Creative destruction ain’t just a place for the marketplace, baby! The National Interest has an article out by Mark Donig on “The Twilight of Sykes-Picot.” It’s a great piece that basically acknowledges the end of an era (European imperialism and cartographic arrogance), and what this will mean for the United States.
Sykes-Picot is an agreement between France and Great Britain that divided the Ottoman Empire up between the two after World War I (the article goes into a bit more detail if you’re interested). Russia was also a part of the negotiations for carving up Europe’s sick man, but after the Bolsheviks seized power all imperial pretenses associated with the West were abandoned in Moscow. European cartographers abandoned the Ottoman approach (learned over centuries of trial and error) to governing territories in the Levant and instead carved up the region as they saw fit. The end result was, of course, a number of states that could only be held together by a strong man. Today, these post-colonial states are collapsing and in their place are a greater number of pseudo-states.
In many of these pseudo-states, Islamists run the show. Donig, an international law student, is worried that if states like Syria and Iraq collapse, the chemical and biological weapons stockpiled in secret locations will fall into the wrong hands. Donig’s suggestion is that the US pay very close attention to what is happening in the Levant, but I think he is much too pessimistic.
The US should embrace political disintegration in Levant wholeheartedly. Doing so would mean recognizing sovereignty of nasty-looking regimes. Yet is would also end the power struggles for the “center” in Sykes-Picot states, which would in turn end the reign of strong men in the region for good (for a concise explanation on why strong men emerge in post-colonial states, see “Imperialism: The Illogical Nature of Humanitarian Wars“).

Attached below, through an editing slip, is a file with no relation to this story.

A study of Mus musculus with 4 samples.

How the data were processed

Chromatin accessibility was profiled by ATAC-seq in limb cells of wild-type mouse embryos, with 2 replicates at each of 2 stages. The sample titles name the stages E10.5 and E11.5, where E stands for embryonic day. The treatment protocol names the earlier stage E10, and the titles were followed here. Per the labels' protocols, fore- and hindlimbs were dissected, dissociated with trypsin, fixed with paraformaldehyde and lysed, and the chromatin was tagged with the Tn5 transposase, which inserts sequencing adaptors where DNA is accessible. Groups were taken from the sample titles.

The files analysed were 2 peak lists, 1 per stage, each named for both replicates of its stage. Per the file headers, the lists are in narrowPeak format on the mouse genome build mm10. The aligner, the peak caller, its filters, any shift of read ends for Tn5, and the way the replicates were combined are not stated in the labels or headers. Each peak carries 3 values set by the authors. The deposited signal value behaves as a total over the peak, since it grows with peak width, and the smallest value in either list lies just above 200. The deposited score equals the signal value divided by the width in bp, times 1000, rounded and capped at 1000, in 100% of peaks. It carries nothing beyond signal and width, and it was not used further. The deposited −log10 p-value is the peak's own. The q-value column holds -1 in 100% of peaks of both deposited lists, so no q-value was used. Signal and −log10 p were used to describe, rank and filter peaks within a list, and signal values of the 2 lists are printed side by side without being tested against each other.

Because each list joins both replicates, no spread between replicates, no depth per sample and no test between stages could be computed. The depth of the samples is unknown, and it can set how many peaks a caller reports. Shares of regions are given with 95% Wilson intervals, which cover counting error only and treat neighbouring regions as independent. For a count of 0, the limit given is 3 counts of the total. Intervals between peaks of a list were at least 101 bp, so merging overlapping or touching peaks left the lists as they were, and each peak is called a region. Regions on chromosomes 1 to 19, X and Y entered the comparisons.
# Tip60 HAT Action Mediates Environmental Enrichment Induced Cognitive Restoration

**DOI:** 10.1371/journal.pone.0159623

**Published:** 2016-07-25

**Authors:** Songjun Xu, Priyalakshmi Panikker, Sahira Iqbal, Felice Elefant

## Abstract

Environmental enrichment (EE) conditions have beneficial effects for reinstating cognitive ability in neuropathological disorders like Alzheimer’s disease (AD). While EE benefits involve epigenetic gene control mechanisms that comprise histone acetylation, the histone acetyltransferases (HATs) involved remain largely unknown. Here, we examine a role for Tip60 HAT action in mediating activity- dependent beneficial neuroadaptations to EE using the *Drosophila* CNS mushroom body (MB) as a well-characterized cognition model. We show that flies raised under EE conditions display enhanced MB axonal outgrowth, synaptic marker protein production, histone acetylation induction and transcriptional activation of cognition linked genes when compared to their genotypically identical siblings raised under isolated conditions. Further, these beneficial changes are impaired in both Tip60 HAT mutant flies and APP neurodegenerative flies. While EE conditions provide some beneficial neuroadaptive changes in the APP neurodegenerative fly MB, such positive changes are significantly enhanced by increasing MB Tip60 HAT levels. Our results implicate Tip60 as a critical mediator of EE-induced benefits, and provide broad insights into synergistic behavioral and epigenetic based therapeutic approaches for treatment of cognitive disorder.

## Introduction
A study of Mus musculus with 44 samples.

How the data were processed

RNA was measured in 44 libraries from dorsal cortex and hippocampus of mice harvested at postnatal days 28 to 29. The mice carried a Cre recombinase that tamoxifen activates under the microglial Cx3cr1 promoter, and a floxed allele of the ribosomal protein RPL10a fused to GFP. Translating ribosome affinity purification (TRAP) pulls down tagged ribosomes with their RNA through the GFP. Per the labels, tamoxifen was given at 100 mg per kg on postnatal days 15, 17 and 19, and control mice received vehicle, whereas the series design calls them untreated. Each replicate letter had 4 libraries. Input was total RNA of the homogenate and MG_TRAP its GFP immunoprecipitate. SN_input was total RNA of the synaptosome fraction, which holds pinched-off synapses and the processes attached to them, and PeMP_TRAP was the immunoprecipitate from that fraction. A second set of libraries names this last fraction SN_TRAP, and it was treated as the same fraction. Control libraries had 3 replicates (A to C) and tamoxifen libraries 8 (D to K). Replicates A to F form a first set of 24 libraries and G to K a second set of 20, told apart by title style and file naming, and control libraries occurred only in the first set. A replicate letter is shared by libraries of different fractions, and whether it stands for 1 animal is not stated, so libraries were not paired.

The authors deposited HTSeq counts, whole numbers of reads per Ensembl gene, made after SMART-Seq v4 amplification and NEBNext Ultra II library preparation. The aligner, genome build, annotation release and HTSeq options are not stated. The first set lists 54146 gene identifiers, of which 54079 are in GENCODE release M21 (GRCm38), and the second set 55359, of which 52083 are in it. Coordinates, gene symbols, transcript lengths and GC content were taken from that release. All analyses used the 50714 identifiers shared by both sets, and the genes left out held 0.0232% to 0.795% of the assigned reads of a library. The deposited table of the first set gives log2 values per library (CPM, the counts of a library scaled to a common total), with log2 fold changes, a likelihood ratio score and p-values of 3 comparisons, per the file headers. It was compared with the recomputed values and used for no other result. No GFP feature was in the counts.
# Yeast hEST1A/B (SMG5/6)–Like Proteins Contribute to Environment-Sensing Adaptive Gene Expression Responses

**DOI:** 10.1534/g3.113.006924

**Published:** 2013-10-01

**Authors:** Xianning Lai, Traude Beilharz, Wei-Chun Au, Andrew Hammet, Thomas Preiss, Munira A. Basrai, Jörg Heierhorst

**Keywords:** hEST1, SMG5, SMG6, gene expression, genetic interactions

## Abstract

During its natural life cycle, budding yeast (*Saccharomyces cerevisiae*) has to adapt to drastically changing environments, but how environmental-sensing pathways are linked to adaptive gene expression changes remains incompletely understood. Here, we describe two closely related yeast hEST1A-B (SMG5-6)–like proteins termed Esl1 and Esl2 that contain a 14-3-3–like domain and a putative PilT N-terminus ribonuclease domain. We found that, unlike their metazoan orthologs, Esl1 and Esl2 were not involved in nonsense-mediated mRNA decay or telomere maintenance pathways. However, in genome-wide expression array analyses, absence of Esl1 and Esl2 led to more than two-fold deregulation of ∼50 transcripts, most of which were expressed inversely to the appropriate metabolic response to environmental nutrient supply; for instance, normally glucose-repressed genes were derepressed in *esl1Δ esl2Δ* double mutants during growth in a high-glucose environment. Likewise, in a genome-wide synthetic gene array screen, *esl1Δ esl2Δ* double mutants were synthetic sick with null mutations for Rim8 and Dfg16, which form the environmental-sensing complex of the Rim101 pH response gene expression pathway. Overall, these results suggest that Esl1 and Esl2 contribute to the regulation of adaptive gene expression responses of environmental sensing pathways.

Were the US to embrace decentralization in the Levant, it would be wise for Washington to play an active role implementing trade agreements both between the new states as well as with Washington. The separatist movements in Scotland and Catalonia illustrate my garbled point well. Scots and Catalonians don’t want independence without membership into the international trading confederation known as the EU, and membership in an international confederation requires relinquishing some sovereignty (Daniel Larison inadvertently makes this point here; people on both the Left and Right who point to evils of EU rarely acknowledge that many states and regions would love to be a part of this confederation, warts and all, and that they stake their very separatist claims on such a membership).
Trade agreements would play an integral role in making or breaking these new states within their newly decentralized region (see Becker or yours truly on the importance of trade in politically fragmented regions). Once recognizing sovereignty of new states, the US would gain some much-needed trust from the peoples of these new states, and then Washington could use that influence to push for more economic integration (between the new states and with the new states) while at the same time recognizing the reality of political fragmentation in the region.
At any rate, full-on American diplomacy in this area is a must, especially given the TNI report’s account of possible chemical weapons stockpiles. This is something the US could work with Russia on, thus building a measure of trust which could, in turn, be used to work with Moscow elsewhere (especially in Europe). It still surprises me that dovish policymakers in Washington and Moscow have not yet used their respective government’s mutual enemy (Islamism) to build much-needed bridges between the two countries.